What better way to see the country than driving a big rig! Not only do you get to see the country, but you also receive a paycheck as you do it. Those may have been your thoughts when you decided to earn your commercial driver’s license. After getting a job and doing some traveling, you realized you made the right choice.
As you know, the job comes with numerous challenges as well. One of them involves keeping your license and remaining in good standing with regulatory agencies such as the Federal Motor Carrier Safety Administration. This means avoiding traffic violations such as a DUI. As a commercial driver, you must meet certain standards, which are higher than those for other drivers.
Keep the following in mind
The FMCSA holds you to a higher standard due to the enormous responsibilities you have in driving such a large and heavy vehicle. As such, you may do well to keep the following in mind when it comes to DUI:
- If you refuse to submit to blood alcohol testing when requested by law enforcement officials here in Washington or elsewhere, you may as well admit you drove drunk. That’s because the FMCSA considers such a refusal as an admission of guilt.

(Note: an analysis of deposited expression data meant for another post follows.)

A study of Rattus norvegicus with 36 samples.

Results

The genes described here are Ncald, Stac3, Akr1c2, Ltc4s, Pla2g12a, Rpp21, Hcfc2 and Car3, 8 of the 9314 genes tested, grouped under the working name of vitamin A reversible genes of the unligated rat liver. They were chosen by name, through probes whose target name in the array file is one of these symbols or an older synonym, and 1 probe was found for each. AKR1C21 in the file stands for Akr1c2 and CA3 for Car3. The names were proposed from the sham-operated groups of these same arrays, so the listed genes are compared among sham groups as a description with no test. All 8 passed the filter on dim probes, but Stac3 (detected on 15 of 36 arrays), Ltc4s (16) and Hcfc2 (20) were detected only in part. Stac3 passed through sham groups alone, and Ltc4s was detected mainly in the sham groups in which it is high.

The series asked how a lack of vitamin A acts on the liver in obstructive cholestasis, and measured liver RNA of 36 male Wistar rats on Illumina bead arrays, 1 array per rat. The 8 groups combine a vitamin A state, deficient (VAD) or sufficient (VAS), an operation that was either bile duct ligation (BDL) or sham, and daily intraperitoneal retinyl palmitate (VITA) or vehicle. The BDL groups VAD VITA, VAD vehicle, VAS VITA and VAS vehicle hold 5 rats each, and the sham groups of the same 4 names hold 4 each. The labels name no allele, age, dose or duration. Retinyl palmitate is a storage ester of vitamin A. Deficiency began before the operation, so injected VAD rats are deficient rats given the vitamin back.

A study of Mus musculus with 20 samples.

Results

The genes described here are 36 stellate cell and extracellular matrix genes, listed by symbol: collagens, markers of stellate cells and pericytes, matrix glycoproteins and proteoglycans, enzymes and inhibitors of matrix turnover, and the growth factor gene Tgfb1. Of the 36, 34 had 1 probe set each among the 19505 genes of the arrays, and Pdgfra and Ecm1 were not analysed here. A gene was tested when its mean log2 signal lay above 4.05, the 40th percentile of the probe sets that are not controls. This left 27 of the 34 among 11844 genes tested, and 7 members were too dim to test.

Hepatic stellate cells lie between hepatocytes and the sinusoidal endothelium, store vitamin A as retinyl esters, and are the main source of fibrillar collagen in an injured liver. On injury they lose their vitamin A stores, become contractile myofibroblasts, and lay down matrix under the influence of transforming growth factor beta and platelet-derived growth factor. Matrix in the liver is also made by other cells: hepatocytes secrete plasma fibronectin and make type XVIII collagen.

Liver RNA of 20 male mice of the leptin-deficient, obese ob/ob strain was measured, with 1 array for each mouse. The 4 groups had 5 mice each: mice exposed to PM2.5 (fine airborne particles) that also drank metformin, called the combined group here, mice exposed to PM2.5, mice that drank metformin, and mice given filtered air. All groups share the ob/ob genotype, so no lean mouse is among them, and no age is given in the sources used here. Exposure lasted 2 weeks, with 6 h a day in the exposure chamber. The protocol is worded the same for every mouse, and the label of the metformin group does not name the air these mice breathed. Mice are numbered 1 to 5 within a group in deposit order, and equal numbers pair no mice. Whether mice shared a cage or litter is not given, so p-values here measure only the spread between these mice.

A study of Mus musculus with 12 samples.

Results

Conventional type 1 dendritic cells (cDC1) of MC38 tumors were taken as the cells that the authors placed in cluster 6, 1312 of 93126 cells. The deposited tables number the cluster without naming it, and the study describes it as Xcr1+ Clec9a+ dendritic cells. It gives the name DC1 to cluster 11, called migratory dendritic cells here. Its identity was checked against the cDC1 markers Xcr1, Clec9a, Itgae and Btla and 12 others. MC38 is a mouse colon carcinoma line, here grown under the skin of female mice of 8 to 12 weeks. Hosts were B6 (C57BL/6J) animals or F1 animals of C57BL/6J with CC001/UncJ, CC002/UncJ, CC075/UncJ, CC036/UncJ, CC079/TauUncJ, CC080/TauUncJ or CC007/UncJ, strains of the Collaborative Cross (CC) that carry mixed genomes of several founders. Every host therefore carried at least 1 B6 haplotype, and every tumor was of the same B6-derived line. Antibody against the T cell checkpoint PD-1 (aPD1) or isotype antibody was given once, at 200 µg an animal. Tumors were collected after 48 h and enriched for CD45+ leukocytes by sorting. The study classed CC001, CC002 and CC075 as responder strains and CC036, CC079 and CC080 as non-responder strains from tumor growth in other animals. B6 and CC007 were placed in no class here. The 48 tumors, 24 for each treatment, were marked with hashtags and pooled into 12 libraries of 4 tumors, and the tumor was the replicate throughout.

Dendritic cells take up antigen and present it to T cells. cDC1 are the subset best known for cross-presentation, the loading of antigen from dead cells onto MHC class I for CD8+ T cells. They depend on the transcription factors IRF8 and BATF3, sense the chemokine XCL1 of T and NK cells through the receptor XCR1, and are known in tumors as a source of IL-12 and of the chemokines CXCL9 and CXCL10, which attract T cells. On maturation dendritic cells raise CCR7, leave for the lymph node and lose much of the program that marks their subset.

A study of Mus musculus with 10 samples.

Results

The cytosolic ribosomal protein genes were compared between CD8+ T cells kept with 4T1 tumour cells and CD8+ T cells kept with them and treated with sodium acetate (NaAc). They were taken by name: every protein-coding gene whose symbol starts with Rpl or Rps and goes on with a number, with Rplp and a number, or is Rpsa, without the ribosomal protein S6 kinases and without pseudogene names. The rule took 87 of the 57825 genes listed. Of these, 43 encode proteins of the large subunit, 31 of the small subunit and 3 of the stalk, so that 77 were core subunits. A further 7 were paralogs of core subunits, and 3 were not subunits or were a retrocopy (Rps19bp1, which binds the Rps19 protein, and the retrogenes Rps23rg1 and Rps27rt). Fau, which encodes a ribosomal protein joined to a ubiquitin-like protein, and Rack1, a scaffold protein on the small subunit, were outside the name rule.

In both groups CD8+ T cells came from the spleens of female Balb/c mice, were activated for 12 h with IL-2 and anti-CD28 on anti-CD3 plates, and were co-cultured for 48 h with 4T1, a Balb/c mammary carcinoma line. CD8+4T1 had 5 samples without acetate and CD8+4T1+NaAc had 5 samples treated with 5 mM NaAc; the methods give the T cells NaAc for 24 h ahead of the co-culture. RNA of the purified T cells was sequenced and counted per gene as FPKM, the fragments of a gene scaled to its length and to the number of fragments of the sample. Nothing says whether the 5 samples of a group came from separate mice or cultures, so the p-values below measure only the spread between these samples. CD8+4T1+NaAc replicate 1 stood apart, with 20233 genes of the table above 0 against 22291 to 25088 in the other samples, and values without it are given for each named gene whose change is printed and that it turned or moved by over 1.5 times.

- If you do submit to blood alcohol testing, your blood alcohol concentration cannot be at or above .04 — even in your personal vehicle. The state’s legal limit of .08 does not apply to you since you have a CDL.
- If you face a suspension of your CDL, it will last longer than it would for those with an ordinary driver’s license.
- You must inform your employer of any traffic violation conviction within 30 days, including a DUI. If your CDL is suspended, your employer may not allow you to drive during that time. This could make it difficult to remain employed or find new employment.
In short, a DUI could put you out of a job, at least temporarily.
Challenging the charges
This makes challenging a DUI charge imperative to keeping your CDL. With so much at stake, you may want to seek out the help of a legal advocate with experience in helping commercial drivers such as yourself. Many people who utilize the legal resources available to them are able to successfully avoid a conviction and keep on trucking.